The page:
Using discarded tin cans found on the hot Arizona desert ground, David Emitt Adams has created timeless pieces he calls Conversations with History. The cans are branded with tintype pictures, reflecting ties to the very locations the cans — some of which have been sitting out in the sun for over forty years — were found.
Detailed photographs applied to the bottom of tin cans using an old fashioned photographic technique. The artist says, “The result is an object that has history as an artifact and an image that ties it to its location. These cans are the relics of the advancement of our culture, and become sculptural support to what they have witnessed.”
As long as people have been in the American West, they have found its barren desert landscapes to be ideal for dumping garbage and forgetting. I was born in Yuma, Arizona in 1980 and I have never known this landscape without the forgotten debris of urban sprawl. Today, the notion of land untouched by the hand of man is so foreign it might as well be make-believe.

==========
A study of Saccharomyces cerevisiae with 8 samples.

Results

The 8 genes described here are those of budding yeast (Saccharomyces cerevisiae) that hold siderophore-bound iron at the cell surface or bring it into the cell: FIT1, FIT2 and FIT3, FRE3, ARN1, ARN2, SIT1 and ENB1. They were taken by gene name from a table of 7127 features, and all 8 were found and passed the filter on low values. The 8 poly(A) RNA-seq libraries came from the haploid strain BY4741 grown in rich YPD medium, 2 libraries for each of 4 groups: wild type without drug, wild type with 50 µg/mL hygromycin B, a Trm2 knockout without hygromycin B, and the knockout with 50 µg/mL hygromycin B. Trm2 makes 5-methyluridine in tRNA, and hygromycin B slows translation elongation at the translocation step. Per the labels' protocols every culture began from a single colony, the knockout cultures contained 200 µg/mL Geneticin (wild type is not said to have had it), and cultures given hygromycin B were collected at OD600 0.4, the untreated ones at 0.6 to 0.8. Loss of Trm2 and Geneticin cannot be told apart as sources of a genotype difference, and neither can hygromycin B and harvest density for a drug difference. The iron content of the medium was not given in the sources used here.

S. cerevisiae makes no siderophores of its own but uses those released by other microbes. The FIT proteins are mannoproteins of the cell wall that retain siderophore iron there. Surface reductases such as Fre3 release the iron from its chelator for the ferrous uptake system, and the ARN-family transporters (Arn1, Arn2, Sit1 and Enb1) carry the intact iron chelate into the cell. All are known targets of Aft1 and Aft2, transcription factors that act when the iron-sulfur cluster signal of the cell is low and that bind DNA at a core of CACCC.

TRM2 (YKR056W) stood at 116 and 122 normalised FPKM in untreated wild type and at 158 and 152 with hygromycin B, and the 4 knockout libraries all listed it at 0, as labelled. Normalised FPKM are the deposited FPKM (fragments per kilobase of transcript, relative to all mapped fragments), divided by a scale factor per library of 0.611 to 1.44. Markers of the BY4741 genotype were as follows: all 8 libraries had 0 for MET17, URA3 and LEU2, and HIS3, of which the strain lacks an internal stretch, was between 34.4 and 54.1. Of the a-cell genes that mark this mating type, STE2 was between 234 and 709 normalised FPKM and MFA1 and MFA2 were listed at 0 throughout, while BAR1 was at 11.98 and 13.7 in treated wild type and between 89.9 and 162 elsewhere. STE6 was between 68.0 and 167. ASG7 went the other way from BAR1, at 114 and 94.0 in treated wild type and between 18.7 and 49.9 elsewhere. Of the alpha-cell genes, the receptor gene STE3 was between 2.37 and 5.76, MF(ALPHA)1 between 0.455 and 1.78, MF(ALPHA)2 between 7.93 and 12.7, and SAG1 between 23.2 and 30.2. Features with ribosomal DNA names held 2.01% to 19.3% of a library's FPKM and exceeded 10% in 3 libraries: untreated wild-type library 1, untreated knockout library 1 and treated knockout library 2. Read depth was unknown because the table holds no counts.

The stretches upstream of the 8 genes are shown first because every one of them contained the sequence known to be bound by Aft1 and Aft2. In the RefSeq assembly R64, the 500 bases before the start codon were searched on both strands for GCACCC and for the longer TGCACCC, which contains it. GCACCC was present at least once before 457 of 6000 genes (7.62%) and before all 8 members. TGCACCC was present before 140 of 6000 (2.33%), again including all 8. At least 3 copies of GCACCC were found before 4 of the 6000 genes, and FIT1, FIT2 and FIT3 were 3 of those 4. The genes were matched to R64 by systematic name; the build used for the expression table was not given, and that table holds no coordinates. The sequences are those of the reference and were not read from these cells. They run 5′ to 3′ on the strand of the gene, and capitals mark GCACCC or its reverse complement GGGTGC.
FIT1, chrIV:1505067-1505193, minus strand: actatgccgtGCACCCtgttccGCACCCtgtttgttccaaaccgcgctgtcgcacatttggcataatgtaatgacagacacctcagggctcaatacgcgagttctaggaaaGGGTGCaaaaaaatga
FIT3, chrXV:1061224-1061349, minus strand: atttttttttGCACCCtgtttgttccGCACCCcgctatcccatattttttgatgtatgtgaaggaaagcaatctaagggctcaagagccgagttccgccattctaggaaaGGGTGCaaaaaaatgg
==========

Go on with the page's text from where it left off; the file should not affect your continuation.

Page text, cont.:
I collect discarded cans from the desert floor, some more than four decades old, which have earned a deep reddish-brown, rusty coloration. This rich patina is the evidence of light and time, the two main components inherent in the very nature of photography. For this body of work, I manipulate these found objects through a labor-intensive 19th century photographic process known as wet-plate collodion. I create images on their surfaces that speak to human involvement with this landscape. The results are objects that have history as artifacts and hold images connected to their locations.